Linda Jackson endured more than her share of heartache in 2017.
Her partner was diagnosed with liver cancer. A few months later, she moved her mother-in-law into a nursing home. It was only one week after that when Jackson’s partner, Tom, passed away.
Dupaco member Linda Jackson with Dupaco representative Jacki Clasen during a visit to Linda’s Morley, Iowa home on March 16. During an on-site education event in Anamosa, Iowa earlier this year, Dupaco helped Linda Jackson realize a savings of $20,000. This helped ensure she is able to keep her home after the death of her partner, Tom, last year. (M. Burley photo)
“After he passed away, all this stuff started coming in,” Jackson said. “I didn’t have the cash and had to use the credit cards and got myself into trouble. But I didn’t know what else to do at the time.”
Now there’s a light at the end of the tunnel for Jackson. Dupaco Community Credit Union visited her workplace earlier this year. After reviewing Jackson’s financial situation, Dupaco’s Melissa King said the credit union could help her confront her debt. Dupaco’s Jacki Clasen followed up with her and delivered a plan to consolidate her high-interest debt with a home equity line of credit—saving her more than $20,000 and allowing her to keep her home.
“I like where I live. I like the town I live in. And I’m not old enough yet to give all this stuff up,” Jackson said. “I’ve got to have this activity to keep me busy. I didn’t want to go to a little house with a little postage-stamp yard. Besides that, the dog told me he didn’t want to move. He likes his yard.”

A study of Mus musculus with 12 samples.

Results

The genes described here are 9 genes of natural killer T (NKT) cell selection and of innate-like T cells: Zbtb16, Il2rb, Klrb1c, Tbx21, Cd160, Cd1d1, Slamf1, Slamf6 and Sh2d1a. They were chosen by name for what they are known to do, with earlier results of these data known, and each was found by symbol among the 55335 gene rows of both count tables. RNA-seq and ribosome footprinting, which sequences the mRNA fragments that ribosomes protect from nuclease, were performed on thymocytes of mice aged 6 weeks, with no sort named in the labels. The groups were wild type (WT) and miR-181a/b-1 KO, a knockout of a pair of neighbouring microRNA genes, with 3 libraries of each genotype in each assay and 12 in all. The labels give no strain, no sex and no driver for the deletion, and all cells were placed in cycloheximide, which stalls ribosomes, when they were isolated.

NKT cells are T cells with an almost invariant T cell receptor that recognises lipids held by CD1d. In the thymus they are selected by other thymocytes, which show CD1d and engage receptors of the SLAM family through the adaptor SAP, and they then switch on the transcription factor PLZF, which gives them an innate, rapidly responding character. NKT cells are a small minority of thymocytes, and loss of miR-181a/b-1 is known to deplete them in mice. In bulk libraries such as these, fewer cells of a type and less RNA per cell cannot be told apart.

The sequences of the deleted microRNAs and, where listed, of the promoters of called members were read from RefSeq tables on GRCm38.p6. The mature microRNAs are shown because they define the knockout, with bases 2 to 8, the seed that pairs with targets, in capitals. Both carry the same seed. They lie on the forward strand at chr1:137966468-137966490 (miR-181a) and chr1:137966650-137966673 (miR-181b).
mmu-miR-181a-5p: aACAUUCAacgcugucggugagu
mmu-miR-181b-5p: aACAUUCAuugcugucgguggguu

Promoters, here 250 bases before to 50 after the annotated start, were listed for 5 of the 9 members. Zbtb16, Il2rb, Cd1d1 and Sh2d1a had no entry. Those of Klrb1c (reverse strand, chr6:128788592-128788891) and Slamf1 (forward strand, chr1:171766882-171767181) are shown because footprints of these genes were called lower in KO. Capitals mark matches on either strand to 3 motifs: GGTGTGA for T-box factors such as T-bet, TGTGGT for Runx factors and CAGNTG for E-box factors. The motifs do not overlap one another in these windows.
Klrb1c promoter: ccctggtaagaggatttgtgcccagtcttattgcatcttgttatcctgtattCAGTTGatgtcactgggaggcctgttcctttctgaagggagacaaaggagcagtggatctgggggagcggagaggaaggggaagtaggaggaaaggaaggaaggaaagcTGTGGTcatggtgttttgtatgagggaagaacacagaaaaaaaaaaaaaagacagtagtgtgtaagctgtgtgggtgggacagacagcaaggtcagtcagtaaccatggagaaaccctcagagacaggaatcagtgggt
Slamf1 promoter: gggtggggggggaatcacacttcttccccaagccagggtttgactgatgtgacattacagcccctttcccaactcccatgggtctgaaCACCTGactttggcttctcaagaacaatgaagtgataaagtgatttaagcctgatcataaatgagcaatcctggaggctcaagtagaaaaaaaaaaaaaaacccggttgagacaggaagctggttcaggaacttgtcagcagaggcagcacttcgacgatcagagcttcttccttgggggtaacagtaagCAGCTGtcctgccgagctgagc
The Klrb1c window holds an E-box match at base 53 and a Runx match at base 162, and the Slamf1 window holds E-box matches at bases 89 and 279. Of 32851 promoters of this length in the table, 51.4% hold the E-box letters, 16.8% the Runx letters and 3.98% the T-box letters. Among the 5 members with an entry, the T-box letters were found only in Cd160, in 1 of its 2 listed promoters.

It was the first time Jackson had worked with a credit union, and the financial cooperative helped her more than she thought possible. She has since decided to make Dupaco her financial home.
And with more financial stability again, Jackson has plans to move forward with some home improvement projects.
“It’s been a relief,” she said. “Before I would have to plan when I wanted to go anywhere or do anything. Not that I do a lot, but now I don’t have to quite think about ‘I’ve got this payment going out,’ or ‘I’ve got this payment going out.’”
Helping members like Jackson is what the cooperative is all about, Clasen said.
“People need to be treated with respect,” she said. “When we go above and beyond to show someone they matter within the world and within the credit union and show them it’s not a lost cause, it makes me feel like I’m doing my job and living up to Dupaco’s mission.”